Response to comment on last post- in defense of reading a lot.
In terms of getting a PhD whether you like reading or not, I think that we shouldn't abuse students who realize halfway through that they don't like reading. I'm in favor of terminal master's degrees (TMS) as per the discussion over on FSP's post about that. I think it's better for people to leave at that point than to try to finish "just because", or even worse, go and do a postdoc because they can't figure out what else to do with their lives.
But, I do think that a certain amount of reading (and of course, writing!) should be a requirement for a PhD.
So maybe if you don't like reading, you shouldn't have gotten a PhD in the sense that it was not the best use of your talents?
Did you think about quitting? How did you end up finishing? Do you mind telling us (however vaguely), what you do now?
For me, getting a PhD was not easy. In fact, it would have been easier to quit (and justify quitting) than to finish.
So I wouldn't give back my PhD, either, because I know I earned it.
Whether I would do it all over again, if I had the chance, is a different question.
So I'm curious about what got you through? In fact, I generally invite comments, for the benefit of our grad & younger student readers, on that topic.
But I digress. To me, reading papers is not so much about minutiae.
I think a lot more experiments work when you read a lot and plan carefully based on what's already been done. That might sound hopeless trite, but bear with me.
Even when no one has ever done what you're setting out to do, there are always common features to be found, and those things can make or break your experiments.
I can see how those details would be boring to some, but I really like having experiments work (as you say you do). So details of that sort matter a lot to me. To me, one of the worst feelings in the world is when you find out later that someone else got your difficult experiment to work using some little trick you didn't know about. I HATE that.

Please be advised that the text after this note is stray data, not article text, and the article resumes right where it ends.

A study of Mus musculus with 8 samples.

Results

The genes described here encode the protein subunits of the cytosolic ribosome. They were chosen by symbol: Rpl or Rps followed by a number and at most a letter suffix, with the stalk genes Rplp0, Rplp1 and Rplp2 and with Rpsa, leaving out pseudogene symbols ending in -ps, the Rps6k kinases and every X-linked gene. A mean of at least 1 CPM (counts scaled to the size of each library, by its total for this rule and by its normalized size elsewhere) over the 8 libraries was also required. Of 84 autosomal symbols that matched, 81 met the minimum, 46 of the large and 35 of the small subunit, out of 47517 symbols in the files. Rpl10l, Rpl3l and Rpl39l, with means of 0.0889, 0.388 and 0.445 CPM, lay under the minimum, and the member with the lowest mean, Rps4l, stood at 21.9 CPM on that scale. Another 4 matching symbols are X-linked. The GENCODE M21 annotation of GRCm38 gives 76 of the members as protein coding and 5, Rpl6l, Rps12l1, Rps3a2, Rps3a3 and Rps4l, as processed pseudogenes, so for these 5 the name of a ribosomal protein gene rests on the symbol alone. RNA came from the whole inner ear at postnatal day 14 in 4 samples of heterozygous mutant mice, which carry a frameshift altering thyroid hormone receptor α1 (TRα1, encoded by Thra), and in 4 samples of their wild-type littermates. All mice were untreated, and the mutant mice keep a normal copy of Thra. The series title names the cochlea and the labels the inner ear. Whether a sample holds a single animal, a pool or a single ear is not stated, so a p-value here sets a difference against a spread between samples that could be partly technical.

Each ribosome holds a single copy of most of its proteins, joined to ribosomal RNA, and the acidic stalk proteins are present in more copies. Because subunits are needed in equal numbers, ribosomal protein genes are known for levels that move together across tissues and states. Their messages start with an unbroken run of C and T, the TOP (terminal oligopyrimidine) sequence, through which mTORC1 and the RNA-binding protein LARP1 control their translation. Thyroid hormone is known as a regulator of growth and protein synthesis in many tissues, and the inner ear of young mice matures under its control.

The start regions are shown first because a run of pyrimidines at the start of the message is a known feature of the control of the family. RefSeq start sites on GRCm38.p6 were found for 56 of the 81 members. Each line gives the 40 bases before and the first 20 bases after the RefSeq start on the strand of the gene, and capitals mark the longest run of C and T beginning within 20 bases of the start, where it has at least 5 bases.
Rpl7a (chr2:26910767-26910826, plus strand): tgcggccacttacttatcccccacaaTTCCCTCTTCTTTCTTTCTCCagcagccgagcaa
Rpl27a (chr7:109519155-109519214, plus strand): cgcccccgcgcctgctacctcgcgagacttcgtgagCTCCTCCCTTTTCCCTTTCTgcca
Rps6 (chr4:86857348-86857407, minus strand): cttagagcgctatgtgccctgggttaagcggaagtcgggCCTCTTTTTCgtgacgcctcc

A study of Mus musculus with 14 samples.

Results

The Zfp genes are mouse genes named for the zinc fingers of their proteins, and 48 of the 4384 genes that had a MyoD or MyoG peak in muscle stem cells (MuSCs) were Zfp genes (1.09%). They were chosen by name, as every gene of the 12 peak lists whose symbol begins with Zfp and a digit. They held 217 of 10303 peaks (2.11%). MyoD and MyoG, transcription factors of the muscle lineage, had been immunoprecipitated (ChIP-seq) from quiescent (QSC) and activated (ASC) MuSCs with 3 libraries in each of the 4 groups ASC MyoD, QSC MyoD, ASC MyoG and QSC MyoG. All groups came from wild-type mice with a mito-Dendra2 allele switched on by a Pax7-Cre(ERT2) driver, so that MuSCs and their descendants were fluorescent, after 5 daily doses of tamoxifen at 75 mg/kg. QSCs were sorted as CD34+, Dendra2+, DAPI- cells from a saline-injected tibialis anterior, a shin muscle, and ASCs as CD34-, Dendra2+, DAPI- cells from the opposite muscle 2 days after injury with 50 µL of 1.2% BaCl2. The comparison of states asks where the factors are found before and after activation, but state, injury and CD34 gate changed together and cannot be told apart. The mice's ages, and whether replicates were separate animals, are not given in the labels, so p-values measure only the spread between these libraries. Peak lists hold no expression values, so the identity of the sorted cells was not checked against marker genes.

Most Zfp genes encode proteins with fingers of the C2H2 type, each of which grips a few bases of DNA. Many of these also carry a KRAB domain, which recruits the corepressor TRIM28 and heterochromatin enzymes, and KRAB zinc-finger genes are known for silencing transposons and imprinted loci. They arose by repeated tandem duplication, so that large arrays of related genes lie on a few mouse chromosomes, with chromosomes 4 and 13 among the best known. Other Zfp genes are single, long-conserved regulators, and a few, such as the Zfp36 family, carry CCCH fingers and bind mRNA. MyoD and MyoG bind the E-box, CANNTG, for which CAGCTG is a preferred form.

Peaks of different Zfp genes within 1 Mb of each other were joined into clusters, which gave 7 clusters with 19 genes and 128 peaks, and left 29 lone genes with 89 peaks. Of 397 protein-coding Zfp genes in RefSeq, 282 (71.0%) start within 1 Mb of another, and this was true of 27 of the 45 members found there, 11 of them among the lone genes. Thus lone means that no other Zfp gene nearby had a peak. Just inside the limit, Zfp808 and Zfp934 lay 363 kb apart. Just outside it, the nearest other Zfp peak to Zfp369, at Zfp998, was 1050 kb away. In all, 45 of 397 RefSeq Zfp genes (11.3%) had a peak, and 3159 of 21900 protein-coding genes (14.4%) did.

Reading a lot helps me avoid getting into situations where I have to feel like that! It's that same feeling like when you leave your wallet in the backseat of the taxi cab. ARGH!
Today I was thinking about how a couple of people in my lab missed something kind of critical because of just that sort of mistake- they didn't pay attention to common features and they didn't do enough reading.
It's not my project, so who's to say I wouldn't have also missed all the clues, too. But it's kind of sad, because in retrospect, it was all sitting there in pubmed if they had just bothered to read it.
But you know, you can only do so much. And everyone handles the 'down time' differently. I think that's as much about personality as anything else. I am always in a better mood when my experiments are working!
Sometimes reading is the only thing to get me out of an experimental rut- and actually in this case, it did. The only reason my experiments are working so well lately is because of a paper I read that gave me an idea for something to do, and how to do it.
I like ideas. But I like them even better when I can show why they're right.